Hungary's government has a contingency plan for a possible exit by Greece from the eurozone, Prime Minister Viktor Orbán said at a press conference in Brussels on Thursday.
"The government has a plan B," Orbán said, adding that Greece's departure from the monetary union would come with extraordinarily serious consequences.
Orbán said the government has ideas about how to finance the country if international government securities markets were to lock up, what parts of the budget to change, and how to go beyond convention to put in motion the engines of growth.
EU leaders "all pray that the plan A will be carried out," he added.
Orbán said European Union members in Central Europe are jointly presenting a package of proposals on possible EU incentives for growth. Among the planned elements of the package are access by the Visegrád Group countries -- Hungary, the Czech Republic, Poland and Slovakia -- to activities related to the European Central bank's foreign exchange swaps, a stop to the withdrawal of capital by parent banks from their units in Central Europe, a more flexible reverse VAT collection system, and the continued use of the Cohesion Fund for its original purpose, he said.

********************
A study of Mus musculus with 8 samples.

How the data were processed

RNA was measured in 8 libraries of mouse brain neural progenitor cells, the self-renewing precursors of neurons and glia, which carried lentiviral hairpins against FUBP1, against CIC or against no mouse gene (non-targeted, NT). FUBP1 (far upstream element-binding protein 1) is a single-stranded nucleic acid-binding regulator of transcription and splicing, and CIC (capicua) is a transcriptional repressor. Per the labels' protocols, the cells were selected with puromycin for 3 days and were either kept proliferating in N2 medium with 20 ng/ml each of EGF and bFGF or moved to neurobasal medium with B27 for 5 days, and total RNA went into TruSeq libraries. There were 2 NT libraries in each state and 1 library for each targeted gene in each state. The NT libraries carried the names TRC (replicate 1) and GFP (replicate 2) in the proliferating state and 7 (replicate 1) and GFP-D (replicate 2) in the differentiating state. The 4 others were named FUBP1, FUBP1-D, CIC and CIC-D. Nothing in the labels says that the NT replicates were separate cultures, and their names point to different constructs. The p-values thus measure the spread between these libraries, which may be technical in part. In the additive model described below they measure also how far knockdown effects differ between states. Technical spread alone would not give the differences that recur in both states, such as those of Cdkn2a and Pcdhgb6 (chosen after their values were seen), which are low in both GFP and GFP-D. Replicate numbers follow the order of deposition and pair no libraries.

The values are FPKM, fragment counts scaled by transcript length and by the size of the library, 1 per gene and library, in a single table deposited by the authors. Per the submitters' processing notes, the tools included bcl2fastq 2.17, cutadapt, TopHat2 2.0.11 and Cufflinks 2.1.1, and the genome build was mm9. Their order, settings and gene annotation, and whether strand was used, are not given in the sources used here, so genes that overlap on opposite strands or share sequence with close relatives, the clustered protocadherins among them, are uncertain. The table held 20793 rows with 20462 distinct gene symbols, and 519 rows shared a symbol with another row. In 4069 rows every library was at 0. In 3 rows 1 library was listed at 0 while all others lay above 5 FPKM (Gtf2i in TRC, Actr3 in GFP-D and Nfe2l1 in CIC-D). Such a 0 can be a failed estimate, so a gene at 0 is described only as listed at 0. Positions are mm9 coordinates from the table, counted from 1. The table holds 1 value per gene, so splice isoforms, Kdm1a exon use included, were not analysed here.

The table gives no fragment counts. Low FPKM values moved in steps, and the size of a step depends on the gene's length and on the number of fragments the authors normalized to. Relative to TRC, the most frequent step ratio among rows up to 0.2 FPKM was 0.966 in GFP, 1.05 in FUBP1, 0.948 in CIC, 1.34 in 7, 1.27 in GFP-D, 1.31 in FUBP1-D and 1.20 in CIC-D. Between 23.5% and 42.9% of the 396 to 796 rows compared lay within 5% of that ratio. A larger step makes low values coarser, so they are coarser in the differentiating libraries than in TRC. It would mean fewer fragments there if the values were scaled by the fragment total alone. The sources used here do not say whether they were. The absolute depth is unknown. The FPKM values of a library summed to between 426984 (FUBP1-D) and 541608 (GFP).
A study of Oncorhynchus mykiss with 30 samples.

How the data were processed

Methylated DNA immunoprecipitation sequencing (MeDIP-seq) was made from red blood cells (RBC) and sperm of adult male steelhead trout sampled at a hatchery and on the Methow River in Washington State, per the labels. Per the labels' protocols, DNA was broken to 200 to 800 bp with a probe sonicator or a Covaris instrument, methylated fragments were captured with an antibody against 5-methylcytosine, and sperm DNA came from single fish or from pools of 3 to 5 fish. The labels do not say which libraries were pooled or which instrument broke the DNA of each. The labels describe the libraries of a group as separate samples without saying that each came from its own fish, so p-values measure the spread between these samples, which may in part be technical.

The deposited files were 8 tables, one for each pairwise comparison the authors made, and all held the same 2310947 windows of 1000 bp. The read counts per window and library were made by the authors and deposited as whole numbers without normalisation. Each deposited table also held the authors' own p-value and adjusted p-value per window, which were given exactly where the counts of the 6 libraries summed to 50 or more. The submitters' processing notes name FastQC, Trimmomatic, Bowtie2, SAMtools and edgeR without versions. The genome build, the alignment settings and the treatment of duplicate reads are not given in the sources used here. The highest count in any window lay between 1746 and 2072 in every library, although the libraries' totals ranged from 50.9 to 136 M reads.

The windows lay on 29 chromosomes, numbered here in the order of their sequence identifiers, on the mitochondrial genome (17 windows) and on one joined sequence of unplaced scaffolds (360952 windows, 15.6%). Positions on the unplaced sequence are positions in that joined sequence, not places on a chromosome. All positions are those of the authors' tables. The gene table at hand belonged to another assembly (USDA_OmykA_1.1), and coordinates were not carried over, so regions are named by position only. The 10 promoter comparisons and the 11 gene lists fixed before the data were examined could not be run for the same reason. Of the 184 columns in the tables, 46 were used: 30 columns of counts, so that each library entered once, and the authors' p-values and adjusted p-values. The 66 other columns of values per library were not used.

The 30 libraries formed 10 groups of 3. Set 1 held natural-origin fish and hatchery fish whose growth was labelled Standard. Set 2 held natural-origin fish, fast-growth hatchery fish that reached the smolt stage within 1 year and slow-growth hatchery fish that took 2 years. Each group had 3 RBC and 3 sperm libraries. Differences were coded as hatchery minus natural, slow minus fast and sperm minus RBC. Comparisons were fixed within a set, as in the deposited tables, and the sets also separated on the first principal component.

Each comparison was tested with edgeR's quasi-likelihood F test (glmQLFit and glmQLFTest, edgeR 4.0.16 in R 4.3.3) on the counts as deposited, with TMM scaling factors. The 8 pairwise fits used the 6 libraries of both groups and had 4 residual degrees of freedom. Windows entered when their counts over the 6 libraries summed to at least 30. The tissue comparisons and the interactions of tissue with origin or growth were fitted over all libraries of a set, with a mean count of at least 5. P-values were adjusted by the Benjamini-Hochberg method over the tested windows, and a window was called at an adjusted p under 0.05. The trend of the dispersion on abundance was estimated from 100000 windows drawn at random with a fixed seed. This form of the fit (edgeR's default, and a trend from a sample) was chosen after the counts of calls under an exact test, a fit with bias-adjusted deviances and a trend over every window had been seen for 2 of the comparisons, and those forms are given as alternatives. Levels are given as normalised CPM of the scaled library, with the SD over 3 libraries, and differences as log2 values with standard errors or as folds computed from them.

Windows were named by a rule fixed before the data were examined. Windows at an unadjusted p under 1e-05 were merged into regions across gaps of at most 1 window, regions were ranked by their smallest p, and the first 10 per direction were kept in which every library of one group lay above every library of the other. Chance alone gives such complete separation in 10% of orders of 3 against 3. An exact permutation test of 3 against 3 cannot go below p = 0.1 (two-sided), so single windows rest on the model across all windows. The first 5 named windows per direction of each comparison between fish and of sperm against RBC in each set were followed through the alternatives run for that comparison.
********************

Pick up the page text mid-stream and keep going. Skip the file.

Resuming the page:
The countries are expected to unveil the package's details at an EU summit at the end of June.
Orbán said questions of dispute between Hungary and the EU are being put into a European scope of comparison.
"It turns out that there are no such legal solutions in Hungary's economy or constitutional system that are not already familiar in other member states," he said.
Orbán said he was looking with high hopes to the coming weeks with regard to a possible decision on the EU's excessive deficit procedure against Hungary.